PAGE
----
Foreign banks trading in the UK through permanent establishments: The approach in determining an adjustment to funding costs - STEP 2: Risk weighting the assets - the Basel II regulatory regime: Use of Basel II approaches
Under Basel II and “Prudential sourcebook for Banks, Building Societies and Investment Firms” (BIPRU) guidelines, UK banks regulated by the Financial Services Authority (FSA) have a choice of approaches to risk weighting. Branches of non-resident banks operating in the UK should have a similar choice when calculating a capital attribution tax adjustment (CATA) for the purposes of CTA09/Part 2/Chapter 4. There are, however, some difficulties which may lead to the risk weighting methodologies being subject to enquiry.
The use of some particular approaches to risk weighting requires specific FSA consent, approval or permission. If the branch wishes to adopt an approach in this category for CATA purposes, it should be able to demonstrate that its home regulator has approved its use by the bank of which it is part. If that consent cannot be demonstrated then an approach which does not require specific regulatory approval must be used for CATA purposes.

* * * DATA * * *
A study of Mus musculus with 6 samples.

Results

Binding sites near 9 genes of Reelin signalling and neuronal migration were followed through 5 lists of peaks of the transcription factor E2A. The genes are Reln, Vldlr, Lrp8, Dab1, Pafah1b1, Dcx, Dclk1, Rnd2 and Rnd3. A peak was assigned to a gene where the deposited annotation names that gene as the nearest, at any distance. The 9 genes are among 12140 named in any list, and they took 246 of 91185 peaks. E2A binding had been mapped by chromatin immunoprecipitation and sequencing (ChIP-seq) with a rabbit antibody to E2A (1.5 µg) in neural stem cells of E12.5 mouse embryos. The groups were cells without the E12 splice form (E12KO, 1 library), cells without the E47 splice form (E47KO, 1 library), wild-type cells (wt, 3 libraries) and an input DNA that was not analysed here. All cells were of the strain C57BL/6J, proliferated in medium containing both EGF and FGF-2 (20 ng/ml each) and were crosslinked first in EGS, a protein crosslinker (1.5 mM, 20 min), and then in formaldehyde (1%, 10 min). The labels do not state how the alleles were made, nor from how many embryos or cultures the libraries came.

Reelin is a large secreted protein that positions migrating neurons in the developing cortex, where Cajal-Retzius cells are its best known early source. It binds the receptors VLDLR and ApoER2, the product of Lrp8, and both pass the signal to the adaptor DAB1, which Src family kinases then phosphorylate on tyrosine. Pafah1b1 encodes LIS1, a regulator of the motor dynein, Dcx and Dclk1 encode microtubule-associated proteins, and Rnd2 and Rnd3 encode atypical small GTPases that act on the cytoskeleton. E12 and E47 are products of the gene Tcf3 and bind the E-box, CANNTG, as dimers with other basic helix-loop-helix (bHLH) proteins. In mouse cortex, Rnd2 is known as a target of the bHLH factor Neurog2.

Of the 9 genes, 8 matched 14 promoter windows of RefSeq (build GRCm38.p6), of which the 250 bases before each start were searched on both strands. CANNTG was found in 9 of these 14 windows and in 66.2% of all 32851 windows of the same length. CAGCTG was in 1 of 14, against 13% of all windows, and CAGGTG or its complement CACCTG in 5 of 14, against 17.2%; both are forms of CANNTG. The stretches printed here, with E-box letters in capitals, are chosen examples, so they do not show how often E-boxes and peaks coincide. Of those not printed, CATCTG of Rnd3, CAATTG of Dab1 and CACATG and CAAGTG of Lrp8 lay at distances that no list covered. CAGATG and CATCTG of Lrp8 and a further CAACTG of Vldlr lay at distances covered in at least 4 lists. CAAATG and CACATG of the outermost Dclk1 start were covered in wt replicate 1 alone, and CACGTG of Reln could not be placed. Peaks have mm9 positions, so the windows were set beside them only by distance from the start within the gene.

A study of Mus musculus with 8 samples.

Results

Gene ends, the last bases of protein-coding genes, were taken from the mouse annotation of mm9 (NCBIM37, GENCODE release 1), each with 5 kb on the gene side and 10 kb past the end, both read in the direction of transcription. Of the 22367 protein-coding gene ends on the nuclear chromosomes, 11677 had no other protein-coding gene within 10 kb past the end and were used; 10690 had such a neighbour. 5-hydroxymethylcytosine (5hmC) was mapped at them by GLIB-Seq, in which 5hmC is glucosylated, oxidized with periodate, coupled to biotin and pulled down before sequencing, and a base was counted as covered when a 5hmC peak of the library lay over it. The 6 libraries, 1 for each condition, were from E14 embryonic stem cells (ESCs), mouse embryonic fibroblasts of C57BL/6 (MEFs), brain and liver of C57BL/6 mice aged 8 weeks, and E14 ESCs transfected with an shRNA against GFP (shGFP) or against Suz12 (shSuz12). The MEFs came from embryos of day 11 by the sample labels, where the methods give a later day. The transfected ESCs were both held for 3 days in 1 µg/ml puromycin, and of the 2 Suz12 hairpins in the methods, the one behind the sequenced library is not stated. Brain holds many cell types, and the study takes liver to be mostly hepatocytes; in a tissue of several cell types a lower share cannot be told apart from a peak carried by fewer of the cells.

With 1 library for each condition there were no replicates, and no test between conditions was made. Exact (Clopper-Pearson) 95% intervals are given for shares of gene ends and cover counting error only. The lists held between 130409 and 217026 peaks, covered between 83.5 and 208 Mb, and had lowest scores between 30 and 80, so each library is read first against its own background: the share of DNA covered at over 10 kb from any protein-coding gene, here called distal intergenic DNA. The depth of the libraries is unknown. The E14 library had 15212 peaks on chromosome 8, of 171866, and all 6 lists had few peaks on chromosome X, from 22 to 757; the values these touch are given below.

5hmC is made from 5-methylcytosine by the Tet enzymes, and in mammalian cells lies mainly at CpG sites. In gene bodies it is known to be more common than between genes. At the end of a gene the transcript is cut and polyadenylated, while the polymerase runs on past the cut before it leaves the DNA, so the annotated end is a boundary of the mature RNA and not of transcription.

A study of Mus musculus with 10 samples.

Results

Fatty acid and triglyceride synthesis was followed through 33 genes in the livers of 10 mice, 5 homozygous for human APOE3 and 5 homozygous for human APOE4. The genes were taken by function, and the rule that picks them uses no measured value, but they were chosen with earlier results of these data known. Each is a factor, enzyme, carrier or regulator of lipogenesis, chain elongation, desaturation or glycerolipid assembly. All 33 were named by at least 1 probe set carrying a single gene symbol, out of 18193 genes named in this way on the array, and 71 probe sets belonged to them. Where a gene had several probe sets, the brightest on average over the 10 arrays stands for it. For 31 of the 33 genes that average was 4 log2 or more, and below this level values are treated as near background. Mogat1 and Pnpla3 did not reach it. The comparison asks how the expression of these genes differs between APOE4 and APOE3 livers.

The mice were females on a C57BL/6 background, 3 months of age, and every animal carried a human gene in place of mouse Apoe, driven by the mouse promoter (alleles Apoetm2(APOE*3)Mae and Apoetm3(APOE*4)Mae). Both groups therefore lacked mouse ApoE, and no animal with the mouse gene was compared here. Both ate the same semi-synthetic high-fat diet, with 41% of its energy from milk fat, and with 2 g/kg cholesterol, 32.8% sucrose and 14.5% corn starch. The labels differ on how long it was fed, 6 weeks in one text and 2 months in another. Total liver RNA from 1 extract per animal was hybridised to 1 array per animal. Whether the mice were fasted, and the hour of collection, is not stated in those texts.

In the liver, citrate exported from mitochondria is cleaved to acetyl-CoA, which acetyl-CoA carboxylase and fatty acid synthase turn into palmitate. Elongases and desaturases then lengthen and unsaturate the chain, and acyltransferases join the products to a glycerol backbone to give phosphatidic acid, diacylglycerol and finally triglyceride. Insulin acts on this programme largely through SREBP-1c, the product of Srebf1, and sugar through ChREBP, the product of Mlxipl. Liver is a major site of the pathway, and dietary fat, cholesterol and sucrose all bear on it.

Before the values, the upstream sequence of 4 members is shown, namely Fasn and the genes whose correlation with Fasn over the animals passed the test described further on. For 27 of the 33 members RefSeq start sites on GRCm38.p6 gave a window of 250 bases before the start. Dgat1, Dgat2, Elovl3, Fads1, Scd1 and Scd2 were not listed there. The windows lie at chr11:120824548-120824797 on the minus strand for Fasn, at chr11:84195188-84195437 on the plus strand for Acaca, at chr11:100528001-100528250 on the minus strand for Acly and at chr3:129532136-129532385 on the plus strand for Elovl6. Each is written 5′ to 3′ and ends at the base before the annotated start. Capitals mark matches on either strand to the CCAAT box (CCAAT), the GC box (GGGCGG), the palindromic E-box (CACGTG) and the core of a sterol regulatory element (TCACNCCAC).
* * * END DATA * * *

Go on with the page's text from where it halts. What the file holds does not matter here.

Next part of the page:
INTM267769 indicates that the capital ratio of the bank overall may be a reasonable starting point for determining the capital ratio of the branch for CATA purposes. Where that ratio has been adopted, HMRC would expect the branch to use the same Basel approaches to calculating its capital adequacy requirements as the bank overall subject to the practice described in INTM267733 to INTM267737. Alternatively, HMRC would expect the branch to risk weight using the following approaches:
- Credit Risk: The Standardised Approach.
- Market Risk: as under Basel I unless the application of Basel II rules gives a significantly different result.
- Operational Risk: The Basic Indicator Approach or a Standardised Approach.
The rationale for this requirement is that the branch should not enjoy the benefit of adopting a capital ratio (more favourable for CATA purposes) which differs from that of a comparable UK bank while at the same time opting for a Basel methodology likely to result in a lower capital requirement than that of the enterprise of which it is a part.